On #IndiaRiversDay, a celebration of rivers

The Pushpavati in the Valley of Flowers, Uttarakhand, India

The Pushpavati in the Valley of Flowers, Uttarakhand, India

Sitting here in cold, about-to-be-wet-again Bangalore watching clothes dry, it’s easy to be unconcerned about rivers. One river that supplies our water, the Cauvery, hasn’t been piped to sustain the cancerous metastasis of this city’s suburbs. Another, the once-vivacious Vrushabhavati, has been demoted to a sewer. Of the Penner and Ponnaiyar little is even spoken; they have died in public memory. So, unlike in Chennai or Kolkata or Allahabad or even Mysore, the river remains far from our thoughts. And so it remained until I realised quite by chance that yesterday was India Rivers Day. A hashtag – #IndiaRiversDay – was getting warm on Twitter. So I dug into my archives and found some photographs of rivers that might be worth sharing.

The Sainj and Tirthan valleys in Himachal Pradesh treasure the Great Himalayan National Park. Despite a number of hydroelectric projects, the river remains unmolested in its higher reaches.



A journey to the many sources of the Ganga can take you far and wide in the Himalaya of Uttarakhand. After reading Stephen Alter’s absorbing and inspiring book, Sacred Waters, the search for these sources took me to Ukhimath on the road towards Gopeshwar. The village rests in the shadow of the Kedarnath peak. On a quiet morning punctuated by birdsong, the roar of the river is a constant refrain. It’s a quiet, muffled, distant roar, and for good reason. The Mandakini, one of the Ganga’s major tributaries, flows deep down in the gorge, hundreds of feet below the village. Viewed from up here, it is a gleaming ribbon of aquamarine and turquoise, depending on the light.


The Valley of Flowers is not the most accessible of destinations for the casual trekker. It is reached by a strength-sapping 5-hour walk from Gobindghat to Ghangariya. A 3-km walk from Ghanghariya gets you to the park centre, from where the valley is visible. More walking takes you to the pebbled shore of the Pushpavati, an aptly named mountain river that rises in the lap of the Kamet Glacier and drains the valley as it curls through the impossibly beautiful beds of wildflowers that change colour every month from June to September. The water is cold and milky with silt but wait for it to settle and it’s great to drink. On a clear sunny autumn morning in 2009 I took this picture of the Pushpavati.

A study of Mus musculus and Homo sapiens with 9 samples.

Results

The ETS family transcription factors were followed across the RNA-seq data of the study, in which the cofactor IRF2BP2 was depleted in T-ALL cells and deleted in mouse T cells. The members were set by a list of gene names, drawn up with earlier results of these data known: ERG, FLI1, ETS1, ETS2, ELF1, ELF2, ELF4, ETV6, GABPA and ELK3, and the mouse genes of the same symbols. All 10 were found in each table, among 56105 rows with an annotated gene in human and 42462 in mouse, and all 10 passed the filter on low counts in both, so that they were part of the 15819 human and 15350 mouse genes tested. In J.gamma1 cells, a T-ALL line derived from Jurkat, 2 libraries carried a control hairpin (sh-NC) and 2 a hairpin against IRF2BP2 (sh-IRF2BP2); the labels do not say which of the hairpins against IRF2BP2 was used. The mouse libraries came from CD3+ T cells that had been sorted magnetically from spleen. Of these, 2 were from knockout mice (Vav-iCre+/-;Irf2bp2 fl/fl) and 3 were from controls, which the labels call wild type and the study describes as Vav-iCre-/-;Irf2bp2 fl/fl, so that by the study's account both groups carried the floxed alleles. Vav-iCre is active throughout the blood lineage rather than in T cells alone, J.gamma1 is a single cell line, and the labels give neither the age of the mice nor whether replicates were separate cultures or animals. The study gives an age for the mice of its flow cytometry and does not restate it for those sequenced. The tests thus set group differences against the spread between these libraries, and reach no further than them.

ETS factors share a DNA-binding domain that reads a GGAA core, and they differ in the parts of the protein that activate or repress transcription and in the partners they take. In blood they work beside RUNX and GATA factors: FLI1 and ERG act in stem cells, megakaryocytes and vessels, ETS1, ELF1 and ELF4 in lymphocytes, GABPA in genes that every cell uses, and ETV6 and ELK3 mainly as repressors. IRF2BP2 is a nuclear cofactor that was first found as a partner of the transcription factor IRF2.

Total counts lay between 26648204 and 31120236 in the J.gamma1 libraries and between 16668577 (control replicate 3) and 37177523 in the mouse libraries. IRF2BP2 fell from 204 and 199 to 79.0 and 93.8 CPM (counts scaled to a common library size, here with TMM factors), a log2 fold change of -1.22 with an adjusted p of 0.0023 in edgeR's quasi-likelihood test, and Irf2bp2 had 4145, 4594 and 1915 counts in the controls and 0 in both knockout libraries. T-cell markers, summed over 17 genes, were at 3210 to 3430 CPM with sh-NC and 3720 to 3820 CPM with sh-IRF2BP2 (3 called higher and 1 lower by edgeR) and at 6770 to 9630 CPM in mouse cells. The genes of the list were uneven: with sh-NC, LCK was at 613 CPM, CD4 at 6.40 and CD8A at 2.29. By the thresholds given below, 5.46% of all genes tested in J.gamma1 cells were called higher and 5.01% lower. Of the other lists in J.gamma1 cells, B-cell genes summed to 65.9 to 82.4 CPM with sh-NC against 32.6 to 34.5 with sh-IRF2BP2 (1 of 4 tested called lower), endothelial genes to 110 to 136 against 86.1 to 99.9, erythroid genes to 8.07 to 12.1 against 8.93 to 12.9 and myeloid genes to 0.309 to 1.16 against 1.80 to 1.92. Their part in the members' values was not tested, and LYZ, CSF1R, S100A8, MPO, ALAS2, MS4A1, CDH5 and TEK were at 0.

Among the rivers of southern India, I have a fondness for the Kali. Rising in the Western Ghats of northern Karnataka, it runs a relatively short course of 194 kilometres through the dense jungles of the Dandeli-Anshi Tiger Reserve before it empties into the Arabian Sea. I’ve never rafted in her foaming white waters but those who have done so have never stopped talking about it.


And then there is Bhadra. Before she joins her sister Tunga (who, like her, also rises in the hills of Chikmagalur), she is a bright bubbly forest stream, practising her roar in the birdsong-filled woods of Muthodi.


Back to the Himalaya, where the adoration of rivers is inescapable. Walking along the pilgrim path to Ghanghariya from Gobindghat, a river keeps us constant company. This is the Laxman Ganga, which flows through the Bhuyandar Valley and joins the Alakananda at Gobindghat and, before that, the Pushpavati at Ghanghariya. On its course we encounter birds and wildlife. Forktails and redstarts, langurs and martens… they watch and dodge the pilgrim traffic.


In spate, a river is monstrous. Her appetite for destruction is insatiable. So it was in 2013 when the Uttarakhand floods saw massive havoc wreaked across the over-burdened pilgrim trails of the Himalaya. In the mountains are the Panch Prayag – the five sacred confluences of the Ganga on her course towards Haridwar, where she enters the plains. One of these is Rudraprayag, where the Alakananda meets the Mandakini. The colours of the two rivers are starkly discernible before they meet — the Mandakini green and clear and the dominant Alakananda turbid with silt. Once they merge, though, the unified river takes on a muddy brown hue. Almost an allegory, that.



I have had the good fortune to traverse four of the five Panch Prayags on my various journeys in this region of Himalaya that the faithful know as Devbhumi. My favourite tributaries of the Ganga are two rivers – the Pindar and the Nandakini, both of which rise in the Nanda Devi sanctuary. Of these, the little-known Nandakini, which joins the Alakananda at Nandprayag, is a river of heart-stopping beauty. We crossed a small, trembling foot-bridge over the river on our descent from Bedni Bugyal in 2007. This picture was taken there.


There are many more rivers to celebrate but I am partial to adoring rivers in their bubbly, vivacious youth. Up in the mountains where the landscape is still innocent, beyond the wild hunger of civilization. Increasingly, with each visit, I find the sources of rivers compromised, defiled and violated. We parrot the slogan that water is precious, but more precious are the environs that nourish these rivers, preserve them and keep them perennial.

The ambitious river-linking programme that is being touted as a panacea for the nation’s thirst threatens to dilute the unique characters of our rivers without a thought for the pristine sources they spring from. It is a formula whose disputable wisdom is anchored in greed and consumption and not in the stewardship of natural resources. If you wish to appreciate India’s rivers, travel along their courses, hike to their sources, see for yourself the flora and fauna and varied ecosystems they sustain. And learn how people interact with them, revere them and fear their wrath.

It’s a lesson too precious to ignore.